Forever … that’s how long it’s been since I blogged. I took the month off from CFBA posts. That’ll start up again soon. Honestly, we’ve been up to our eyeballs this summer and I needed to extend myself a bit of grace. This is one area that I needed to let slide. I’ll talk more about that later. It really has been an amazing summer; full of surprises, challenges, hard work, growth, shrinkage … oh, so many stories to tell. I’ll try to get to all of that soon enough.

Today I want to tell you about a link that a friend referred me to on Facebook. Okay, so she referred a LOT of people to it, but I take these things personally. 🙂 Here’s how the story goes:

A man sat at a metro station in Washington DC and started to splay violin; it was a cold January morning. He played six Bach pieces for 45 minutes. During that time, since it was rush hour, it was calculated that thousands of people went through the station, most of them on their way to work.

Three minutes went by and a middle aged man noticed there was music playing. He slowed his pace and stopped for a few seconds and then hurried up to meet his schedule. A minute later, the violinist received his first tip: a woman threw the money in the till and without stopping continued to walk. A few minutes later, someone leaned against the wall to listen to him, but the man looked at his watch and started to walk again. Clearly he was late for work.

The one who paid the most attention was a 3 year old boy. His mother tagged him along, hurried but the kid stopped to look at the violinist. FInally, the mother pushed hard and the child continued to walk turning his head all the time. This action was repeated by several other children. ALl the parents, without exception, forced them tom ove on.

In the 45 minutes the musician played, only 6 people stopped and stayed a while. About 20 gave him money but continued to walk their normal pace. He collected $32. When he finished playing and silence too over, no one noticed it. No on applauded, nor was there any recognition.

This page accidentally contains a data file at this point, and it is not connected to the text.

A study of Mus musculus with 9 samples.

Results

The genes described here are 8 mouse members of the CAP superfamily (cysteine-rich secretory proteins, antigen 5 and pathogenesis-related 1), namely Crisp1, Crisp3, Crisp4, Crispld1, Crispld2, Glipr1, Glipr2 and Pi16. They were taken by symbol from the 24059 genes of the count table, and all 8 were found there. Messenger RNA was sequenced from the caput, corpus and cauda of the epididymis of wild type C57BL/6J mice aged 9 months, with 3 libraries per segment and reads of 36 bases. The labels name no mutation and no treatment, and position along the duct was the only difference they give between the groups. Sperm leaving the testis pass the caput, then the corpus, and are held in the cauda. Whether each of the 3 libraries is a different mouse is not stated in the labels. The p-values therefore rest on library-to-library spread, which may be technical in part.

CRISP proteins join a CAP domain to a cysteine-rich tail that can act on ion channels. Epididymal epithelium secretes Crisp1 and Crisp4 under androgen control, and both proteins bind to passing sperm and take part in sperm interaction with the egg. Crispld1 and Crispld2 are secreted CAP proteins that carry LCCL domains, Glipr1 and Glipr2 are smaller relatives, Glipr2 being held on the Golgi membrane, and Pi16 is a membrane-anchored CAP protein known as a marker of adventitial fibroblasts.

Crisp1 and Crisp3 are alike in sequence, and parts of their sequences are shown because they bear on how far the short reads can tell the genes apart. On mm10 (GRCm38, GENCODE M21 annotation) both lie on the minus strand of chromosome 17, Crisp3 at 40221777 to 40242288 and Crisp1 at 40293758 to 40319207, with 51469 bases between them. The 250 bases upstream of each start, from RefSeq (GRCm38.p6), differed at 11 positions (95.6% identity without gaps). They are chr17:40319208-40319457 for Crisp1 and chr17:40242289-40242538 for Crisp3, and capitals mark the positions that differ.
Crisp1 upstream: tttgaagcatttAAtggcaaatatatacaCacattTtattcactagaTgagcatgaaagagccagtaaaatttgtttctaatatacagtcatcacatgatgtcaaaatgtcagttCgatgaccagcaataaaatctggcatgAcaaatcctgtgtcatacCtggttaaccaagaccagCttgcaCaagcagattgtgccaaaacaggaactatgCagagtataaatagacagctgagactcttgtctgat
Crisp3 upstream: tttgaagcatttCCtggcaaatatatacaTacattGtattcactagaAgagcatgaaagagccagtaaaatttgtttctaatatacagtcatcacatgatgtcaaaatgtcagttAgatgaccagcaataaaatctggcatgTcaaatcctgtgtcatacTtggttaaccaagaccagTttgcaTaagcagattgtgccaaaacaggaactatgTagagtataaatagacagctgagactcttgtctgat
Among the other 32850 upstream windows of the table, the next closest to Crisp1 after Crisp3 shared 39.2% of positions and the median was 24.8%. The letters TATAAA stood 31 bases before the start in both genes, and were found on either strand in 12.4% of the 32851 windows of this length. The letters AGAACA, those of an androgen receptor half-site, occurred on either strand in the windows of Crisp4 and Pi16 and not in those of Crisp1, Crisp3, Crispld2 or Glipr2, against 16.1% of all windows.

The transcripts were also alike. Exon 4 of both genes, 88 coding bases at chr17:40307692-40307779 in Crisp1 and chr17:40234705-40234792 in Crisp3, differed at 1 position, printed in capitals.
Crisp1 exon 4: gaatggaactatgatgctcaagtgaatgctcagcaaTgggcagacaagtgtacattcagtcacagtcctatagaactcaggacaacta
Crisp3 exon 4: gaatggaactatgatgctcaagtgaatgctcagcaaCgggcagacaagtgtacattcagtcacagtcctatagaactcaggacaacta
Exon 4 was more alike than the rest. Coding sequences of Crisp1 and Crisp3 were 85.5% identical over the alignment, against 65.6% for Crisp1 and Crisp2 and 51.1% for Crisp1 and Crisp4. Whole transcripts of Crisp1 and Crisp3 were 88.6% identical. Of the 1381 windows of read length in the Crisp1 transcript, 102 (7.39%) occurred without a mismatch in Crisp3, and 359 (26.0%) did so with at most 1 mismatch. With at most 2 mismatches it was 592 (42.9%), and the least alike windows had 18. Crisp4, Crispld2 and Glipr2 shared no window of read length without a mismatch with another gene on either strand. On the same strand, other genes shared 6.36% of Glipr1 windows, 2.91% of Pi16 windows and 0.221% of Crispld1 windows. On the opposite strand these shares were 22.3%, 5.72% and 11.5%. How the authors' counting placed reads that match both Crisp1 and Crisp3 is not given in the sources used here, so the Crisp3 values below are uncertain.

No one knew this, but the violinist was Joshua Bell, one of the best musicians in the world. He played one of the most intricate pieces ever written with a violin worth 3.5 million dollars.

Two days before his playing in the subway, Joshua Bell sold out at a theater in Boston and the seats average $100.

This is a real story (checked out on Joshua Bell playing incognito in the metro station was organized by the Washington Post as part of an social experiment about perception, taste, and priorities of people. The outlines were: in a commonplace environment, at an inappropriate hour: Do we perceive beauty? Do we stop to appreciate it? Do we recognize the talent in an unexpected context?

One of the possible conlcusions from this experience could be: If we do not a moment to stop and listen to one of the best musicians in the world, playing the best music ever written, how manny other things are we missing?


The Washington Post won a Pulitzer in the feature writing category of Gene Wiengarten’s April 2007 story about this experiement. The article was called “Pearls Before Breakfast.” Snopes reported on it at

I’m not going to insult anyone’s intelligence by throwing out the “take away” from this story. In fact, I think there are many take aways. I will tell you that I’m slowing down … being intentional in the moment … exercising mindfulness … practicing spiritual journaling as sa discipline … stretching … growing. Yup, it’s been a busy summer.